A Better Understanding of Tissue Regeneration

Illustration of human body with circulatory system highlighted



15 May 24

Ostrow researchers probe how vasculature impacts stem cell diversity. The new study could lead to better treatments for tissue regeneration.

STEM CELLS DON’T exist alone. 

They are part of a community, and their local environment — neighboring cells, extracellular matrix, blood vessels and nerves — all provide instructions that tell the stem cells when to divide, when to become different cell types and when to stay as they are. 

In a recent study published in the journal Cell Stem Cell, Associate Dean of Research and George and MaryLou Boone Chair in Craniofacial Biology Yang Chai shows how blood vessels can control stem cells. 

Chai points out that to be able to reactivate stem cells, researchers first have to understand them — and their neighborhoods — in great detail. “This study has really helped us to get a rather in-depth understanding of how vascular architecture can help to regulate the diversity of stem cells,” said Chai, who is director of the Center for Craniofacial Molecular Biology. 

He and his colleagues discovered a particular signaling pathway called P53 that normally acts as a tumor suppressor and might be involved in regulating mesenchymal stem cells in 2020. For three years, they worked to fully understand what the pathway does in controlling stem cells during tissue homeostasis.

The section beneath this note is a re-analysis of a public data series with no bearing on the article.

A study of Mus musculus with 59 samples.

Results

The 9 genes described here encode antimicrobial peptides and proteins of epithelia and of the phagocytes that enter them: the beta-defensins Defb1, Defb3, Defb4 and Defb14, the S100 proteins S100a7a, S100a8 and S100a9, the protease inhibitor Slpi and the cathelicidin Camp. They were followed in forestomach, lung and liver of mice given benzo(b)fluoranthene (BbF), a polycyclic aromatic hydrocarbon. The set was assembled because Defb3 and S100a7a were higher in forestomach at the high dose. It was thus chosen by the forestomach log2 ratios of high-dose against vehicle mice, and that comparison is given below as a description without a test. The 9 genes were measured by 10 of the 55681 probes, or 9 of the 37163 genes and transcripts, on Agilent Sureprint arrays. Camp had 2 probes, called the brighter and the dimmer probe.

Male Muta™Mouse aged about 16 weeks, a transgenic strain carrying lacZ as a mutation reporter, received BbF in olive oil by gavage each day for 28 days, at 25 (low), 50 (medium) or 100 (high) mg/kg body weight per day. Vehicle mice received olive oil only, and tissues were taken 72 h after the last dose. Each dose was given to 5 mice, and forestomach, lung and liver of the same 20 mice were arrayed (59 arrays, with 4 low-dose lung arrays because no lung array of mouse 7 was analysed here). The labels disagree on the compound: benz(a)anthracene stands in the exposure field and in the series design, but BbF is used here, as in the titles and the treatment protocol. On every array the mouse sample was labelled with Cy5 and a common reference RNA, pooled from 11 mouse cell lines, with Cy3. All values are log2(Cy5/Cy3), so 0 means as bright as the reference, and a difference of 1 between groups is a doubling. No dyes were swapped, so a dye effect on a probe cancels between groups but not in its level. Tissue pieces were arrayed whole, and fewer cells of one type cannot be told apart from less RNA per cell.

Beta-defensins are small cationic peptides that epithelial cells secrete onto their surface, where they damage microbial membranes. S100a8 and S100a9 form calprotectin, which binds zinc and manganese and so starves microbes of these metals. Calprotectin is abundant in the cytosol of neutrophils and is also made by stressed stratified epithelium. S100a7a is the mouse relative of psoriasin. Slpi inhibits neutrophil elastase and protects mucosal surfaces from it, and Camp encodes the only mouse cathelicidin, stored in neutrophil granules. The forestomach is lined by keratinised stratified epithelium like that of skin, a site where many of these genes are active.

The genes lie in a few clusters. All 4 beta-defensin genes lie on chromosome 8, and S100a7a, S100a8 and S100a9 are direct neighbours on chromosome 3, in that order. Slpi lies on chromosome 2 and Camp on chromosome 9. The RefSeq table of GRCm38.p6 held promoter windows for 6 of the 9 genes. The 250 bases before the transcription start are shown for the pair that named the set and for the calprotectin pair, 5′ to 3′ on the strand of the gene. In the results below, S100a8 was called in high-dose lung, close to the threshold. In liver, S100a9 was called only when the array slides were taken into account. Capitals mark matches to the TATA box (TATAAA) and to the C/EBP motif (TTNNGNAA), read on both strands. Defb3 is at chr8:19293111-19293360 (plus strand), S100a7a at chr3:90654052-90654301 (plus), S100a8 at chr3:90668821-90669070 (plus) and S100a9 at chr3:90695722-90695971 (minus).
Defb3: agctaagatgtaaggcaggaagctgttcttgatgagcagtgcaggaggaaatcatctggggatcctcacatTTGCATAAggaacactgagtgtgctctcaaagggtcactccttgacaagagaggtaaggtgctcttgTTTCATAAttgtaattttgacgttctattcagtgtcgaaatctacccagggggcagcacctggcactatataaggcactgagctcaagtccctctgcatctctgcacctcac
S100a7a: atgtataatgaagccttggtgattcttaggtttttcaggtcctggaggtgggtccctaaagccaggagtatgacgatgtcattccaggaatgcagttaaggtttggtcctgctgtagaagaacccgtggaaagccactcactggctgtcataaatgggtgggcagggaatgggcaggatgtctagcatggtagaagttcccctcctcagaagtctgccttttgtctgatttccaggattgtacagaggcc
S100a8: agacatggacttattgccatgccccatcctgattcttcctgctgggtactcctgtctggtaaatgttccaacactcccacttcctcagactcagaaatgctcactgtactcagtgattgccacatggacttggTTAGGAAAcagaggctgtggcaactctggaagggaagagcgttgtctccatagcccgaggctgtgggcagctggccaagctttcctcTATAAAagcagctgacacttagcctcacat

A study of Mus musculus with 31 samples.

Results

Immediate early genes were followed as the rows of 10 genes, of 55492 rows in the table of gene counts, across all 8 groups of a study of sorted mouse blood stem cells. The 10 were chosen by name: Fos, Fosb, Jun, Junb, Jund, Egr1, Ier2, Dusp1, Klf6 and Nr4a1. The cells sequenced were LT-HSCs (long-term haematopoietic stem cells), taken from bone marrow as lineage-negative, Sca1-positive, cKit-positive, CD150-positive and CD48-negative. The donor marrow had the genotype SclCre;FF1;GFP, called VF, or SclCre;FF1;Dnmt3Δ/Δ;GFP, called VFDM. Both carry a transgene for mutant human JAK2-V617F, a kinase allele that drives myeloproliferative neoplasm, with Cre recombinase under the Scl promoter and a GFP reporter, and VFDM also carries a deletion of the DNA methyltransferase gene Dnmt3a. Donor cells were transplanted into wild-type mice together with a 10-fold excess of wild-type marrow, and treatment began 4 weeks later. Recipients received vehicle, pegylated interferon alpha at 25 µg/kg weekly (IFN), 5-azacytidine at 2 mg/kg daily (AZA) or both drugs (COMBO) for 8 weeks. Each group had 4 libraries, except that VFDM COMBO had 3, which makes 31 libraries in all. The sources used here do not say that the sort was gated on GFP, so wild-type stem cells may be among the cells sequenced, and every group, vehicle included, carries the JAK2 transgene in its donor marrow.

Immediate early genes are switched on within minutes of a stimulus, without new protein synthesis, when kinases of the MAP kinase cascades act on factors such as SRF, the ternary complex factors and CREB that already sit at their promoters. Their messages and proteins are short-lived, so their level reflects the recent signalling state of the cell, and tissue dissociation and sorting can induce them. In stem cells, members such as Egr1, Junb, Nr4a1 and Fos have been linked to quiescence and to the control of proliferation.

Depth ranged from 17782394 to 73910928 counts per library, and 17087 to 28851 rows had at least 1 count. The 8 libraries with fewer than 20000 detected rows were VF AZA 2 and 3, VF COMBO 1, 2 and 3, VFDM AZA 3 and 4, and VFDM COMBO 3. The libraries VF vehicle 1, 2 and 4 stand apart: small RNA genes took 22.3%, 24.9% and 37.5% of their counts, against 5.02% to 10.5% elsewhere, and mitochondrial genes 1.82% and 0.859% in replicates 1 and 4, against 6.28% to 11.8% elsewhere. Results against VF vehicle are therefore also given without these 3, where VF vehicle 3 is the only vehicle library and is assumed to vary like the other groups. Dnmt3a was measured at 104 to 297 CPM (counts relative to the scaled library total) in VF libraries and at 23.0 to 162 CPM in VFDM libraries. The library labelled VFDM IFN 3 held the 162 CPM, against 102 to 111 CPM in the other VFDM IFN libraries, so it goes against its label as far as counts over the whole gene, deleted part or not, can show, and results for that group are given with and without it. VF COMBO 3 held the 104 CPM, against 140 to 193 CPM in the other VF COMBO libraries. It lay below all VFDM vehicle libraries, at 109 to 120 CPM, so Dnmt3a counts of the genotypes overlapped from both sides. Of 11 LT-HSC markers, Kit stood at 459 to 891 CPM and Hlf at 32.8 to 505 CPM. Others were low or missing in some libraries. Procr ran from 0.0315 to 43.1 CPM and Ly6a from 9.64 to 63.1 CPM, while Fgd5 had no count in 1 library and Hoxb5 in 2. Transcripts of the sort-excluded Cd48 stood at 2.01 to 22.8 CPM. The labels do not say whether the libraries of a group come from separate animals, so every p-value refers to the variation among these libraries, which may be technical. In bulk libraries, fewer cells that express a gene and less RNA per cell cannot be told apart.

In this study, the team used a rodent incisor model, which grows continuously and has a strong stem cell component. They knew the markers which identify the stem cells eventually that will become dental pulp, and they had the tools to label the cells. Previous research had shown how important nerves were in controlling stem cells, and now they could look at the role of blood vessels as well. 

The new research focuses on the P53-PGDF — platelet derived growth factor — signaling pathway.

They pinpointed ways in which the pathway regulates the prevalence of arteries and other types of blood vessels. 

In the future, Chai and his team, which included Ostrow associate researcher Tingwei Guo, would like to precisely target stem cells to change their fate, eventually to regenerate tissues in patients who may have compromised craniofacial tissues. That work would first happen in animals, but eventually could lead to better treatments for people. 

The study is also changing researchers’ understanding of the vasculature system. Blood vessels are normally thought of only as  vehicles for transporting oxygenated blood to a site, and exchanging it to circle back through the veins. But now, armed with the knowledge that the cells that form the vascular walls have functions in addition to supporting blood flow — like secreting factors to regulate neighboring cells — it opens up new territory to eventually help patients. “That becomes an area where you can explore in the future,” Chai said. “That’s very informative for us.”